Jallianwala Bagh massacre centenary: PM Modi pays tributes

Nellie Chapman
April 14, 2019

On April 13, 1999, around 15,000 to 20,000 people had gathered at Jallianwala Bagh in the northern part of Amritsar city on the occasion of Baishakhi.

"Toilet: Ek Prem Katha" star Bhumi urged people to "always remember the courage and sacrifice of our freedom fighters" and to get inspired by their "valour and contribution into making our country stronger".

The UK has made no official apology and Dominic Asquith, the high commissioner to India, on Saturday followed suit as he laid a wreath at the massacre site on Saturday.

Prime Minister Narendra Modi today weighed in on the debate over the Jallianwallah Bagh massacre by the British, which has been raging between the Congress and the BJP in Punjab. However, the Daily Mail reported that when David Cameron was the British Prime Minister, he expressed regret for the incident.

PM Modi accused the Congress of insulting the Jallianwala Bagh martyrs by boycotting the official function organised by the Government of India on Saturday. India's main opposition Congress party president Rahul Gandhi and Punjab Chief Minister Amarinder Singh visited the memorial at Jallianwala Bagh and paid homage to those killed in the massacre.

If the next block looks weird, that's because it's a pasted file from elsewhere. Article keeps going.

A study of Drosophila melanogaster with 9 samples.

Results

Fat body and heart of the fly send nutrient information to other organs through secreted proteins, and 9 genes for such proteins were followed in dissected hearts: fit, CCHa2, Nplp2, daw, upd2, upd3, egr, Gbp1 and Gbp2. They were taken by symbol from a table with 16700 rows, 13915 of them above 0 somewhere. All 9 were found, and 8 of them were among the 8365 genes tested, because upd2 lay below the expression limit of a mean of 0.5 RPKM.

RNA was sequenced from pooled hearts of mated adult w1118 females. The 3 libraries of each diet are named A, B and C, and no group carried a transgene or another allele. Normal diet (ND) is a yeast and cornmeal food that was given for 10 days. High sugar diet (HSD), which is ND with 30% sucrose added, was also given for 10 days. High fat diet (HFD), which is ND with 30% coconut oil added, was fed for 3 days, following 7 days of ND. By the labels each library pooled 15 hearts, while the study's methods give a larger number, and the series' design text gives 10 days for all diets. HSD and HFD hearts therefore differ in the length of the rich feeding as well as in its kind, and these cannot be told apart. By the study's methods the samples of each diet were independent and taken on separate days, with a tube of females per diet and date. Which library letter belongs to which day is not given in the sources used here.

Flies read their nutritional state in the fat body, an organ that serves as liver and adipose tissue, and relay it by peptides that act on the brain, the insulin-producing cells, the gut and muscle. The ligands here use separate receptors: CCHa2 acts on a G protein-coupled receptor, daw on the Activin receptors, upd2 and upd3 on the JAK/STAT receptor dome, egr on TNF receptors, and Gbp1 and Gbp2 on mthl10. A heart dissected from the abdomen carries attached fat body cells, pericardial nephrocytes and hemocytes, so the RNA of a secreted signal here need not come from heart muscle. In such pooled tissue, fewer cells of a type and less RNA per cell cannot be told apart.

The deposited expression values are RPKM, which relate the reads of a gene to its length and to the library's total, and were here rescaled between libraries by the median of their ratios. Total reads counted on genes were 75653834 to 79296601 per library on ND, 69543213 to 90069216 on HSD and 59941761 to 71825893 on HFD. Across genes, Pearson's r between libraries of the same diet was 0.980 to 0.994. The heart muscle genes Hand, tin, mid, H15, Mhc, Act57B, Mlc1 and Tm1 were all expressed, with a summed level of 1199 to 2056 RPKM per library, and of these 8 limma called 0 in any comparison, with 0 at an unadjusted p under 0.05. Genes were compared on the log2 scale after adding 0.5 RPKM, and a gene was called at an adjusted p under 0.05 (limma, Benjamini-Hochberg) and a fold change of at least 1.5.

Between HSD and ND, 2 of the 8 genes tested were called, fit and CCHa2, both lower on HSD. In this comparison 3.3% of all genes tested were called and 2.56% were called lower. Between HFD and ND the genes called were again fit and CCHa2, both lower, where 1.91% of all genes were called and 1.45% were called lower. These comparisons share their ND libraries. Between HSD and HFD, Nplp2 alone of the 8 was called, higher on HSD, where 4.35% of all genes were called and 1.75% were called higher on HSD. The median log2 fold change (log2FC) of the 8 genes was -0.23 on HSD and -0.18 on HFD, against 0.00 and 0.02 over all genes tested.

"You might want to rewrite history, as the Queen said, but you can't", Asquith said.

On Wednesday, May told the British parliament that "the tragedy of Jallianwala Bagh in 1919 is a shameful scar on British Indian history", but she did not issue a formal apology. "We deeply regret what happened and the suffering caused", Mrs May said.


Demands by several past Indian leaders and politicians for Britain to apologise for the massacre have fallen on deaf ears.

Brigadier General Reginald Edward Harry Dyer arrived with dozens of troops, sealed off the exit and without warning ordered the soldiers to open fire.

Many tried to escape by scaling the high walls surrounding the area.

It was later stated that 1,650 bullets had been fired (derived by counting empty cartridge cases picked up by the troops).

"I, with eight or nine others, had to search for about half an hour till I could pick up his corpse as it was mixed up with hundreds of dead bodies lying in heaps there". "A number of them were poor innocent children", one witness later recalled.

Dyer said later that the firing was "not to disperse the meeting but to punish the Indians for disobedience".